The inner workings of Twig escaping are explained in the documentation, the source code is on GitHub. There is no single PHP function you can replace it with, because escaping depends on the context (simple HTML, URLs within HTML, inline CSS, inline JavaScript, ...). When you use htmlspecialchars(), the only safe context is simple HTML. Outside of that, you're wide open to XSS attacks.




[...] in the rare case they need something intentionally unescaped [...]


What? Using unescaped values is the standard case. The only time you use escaped values is when you output them.



I'm not arguing with you. You're poking holes in my system so I'm just checking to see if I'm covered or not. Yes, anything less than "just use twig" is moronic but like I said, in 12 years I've only been allowed to use 2 external php libraries (neither of which were chosen by me), I don't have a choice in the matter.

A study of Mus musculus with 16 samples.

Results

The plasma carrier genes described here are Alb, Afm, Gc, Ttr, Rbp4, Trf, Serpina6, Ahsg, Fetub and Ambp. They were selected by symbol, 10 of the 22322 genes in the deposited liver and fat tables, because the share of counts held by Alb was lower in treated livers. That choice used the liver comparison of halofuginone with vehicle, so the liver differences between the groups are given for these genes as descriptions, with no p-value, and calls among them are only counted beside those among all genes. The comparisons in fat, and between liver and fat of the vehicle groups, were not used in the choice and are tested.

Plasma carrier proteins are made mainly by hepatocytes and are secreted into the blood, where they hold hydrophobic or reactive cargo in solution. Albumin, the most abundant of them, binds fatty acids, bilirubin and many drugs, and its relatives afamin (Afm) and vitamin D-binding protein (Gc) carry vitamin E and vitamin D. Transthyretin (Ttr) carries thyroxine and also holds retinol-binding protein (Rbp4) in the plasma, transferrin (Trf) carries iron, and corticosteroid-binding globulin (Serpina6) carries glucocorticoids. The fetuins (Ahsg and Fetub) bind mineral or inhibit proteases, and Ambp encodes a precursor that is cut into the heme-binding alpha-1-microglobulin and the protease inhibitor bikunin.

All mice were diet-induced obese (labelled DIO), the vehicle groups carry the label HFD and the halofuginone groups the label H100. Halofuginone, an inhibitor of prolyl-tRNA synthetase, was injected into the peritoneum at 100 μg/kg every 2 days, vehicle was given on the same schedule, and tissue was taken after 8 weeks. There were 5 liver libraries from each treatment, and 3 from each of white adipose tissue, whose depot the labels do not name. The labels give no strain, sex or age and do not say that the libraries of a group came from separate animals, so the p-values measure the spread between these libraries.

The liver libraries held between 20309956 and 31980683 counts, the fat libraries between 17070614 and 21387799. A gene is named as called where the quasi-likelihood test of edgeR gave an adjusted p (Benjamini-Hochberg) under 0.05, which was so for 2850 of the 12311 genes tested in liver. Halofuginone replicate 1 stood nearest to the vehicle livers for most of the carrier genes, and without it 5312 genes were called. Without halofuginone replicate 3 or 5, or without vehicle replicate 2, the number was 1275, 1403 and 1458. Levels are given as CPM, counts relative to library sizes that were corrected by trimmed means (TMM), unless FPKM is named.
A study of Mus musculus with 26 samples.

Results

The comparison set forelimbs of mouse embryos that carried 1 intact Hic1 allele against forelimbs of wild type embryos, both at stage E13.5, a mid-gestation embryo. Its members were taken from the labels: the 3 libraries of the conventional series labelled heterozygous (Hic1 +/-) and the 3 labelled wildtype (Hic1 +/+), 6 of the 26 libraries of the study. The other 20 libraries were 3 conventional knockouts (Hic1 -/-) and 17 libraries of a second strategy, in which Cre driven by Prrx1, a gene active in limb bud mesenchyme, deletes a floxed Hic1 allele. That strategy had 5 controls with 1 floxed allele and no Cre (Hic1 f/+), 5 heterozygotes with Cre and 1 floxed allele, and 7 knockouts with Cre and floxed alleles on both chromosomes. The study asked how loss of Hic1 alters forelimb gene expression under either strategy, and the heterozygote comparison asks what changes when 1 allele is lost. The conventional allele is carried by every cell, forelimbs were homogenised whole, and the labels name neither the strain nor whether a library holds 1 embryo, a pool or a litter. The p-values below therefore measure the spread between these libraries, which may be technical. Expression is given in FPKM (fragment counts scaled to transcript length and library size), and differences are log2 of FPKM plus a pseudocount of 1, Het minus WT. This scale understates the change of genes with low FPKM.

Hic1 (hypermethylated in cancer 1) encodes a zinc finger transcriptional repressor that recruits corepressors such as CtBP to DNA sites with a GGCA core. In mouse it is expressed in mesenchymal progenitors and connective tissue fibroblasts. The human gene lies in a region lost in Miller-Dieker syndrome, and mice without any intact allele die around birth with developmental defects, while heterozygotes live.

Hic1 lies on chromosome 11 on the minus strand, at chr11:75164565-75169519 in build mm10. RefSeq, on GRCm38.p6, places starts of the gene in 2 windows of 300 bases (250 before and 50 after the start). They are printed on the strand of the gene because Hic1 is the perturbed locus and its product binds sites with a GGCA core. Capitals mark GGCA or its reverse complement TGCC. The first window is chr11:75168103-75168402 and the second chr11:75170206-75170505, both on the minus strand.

Edited by thinsoldier


The problem with magic quotes is relying on it to escape values before concatenating them into an sql string and running it on your database.


We're talking about escaping any html or css that might have gotten into our db already or in the values returned to form inputs after an unsuccessful submission to prevent them from actually affecting the page's html or css and preventing any JS from executing.



I understand that you're limited to bad options. The question is whether you've actually picked the least bad option. Your approach is simultaneously confusing and simplistic, so I expect to see a lot of the problems people had in the early 2000s with Magic Quotes: running around with escaped values when you actually need the original ones, running around with the default strategy when you actually need a different one.


If the templates are in fact maintained by (competent) programmers, you should consider replacing the primitive htmlspecialchars()-everything approach with a set of different escape functions for the different contexts. You can catch obvious mistakes (i. e. output values that haven't been escaped at all) with a tainting analysis during development.


And regardless of the approach, you should use Content Security Policy as a second line of defense against XSS -- unless the pages are cluttered with inline JavaScript/CSS or there's yet another crazy policy.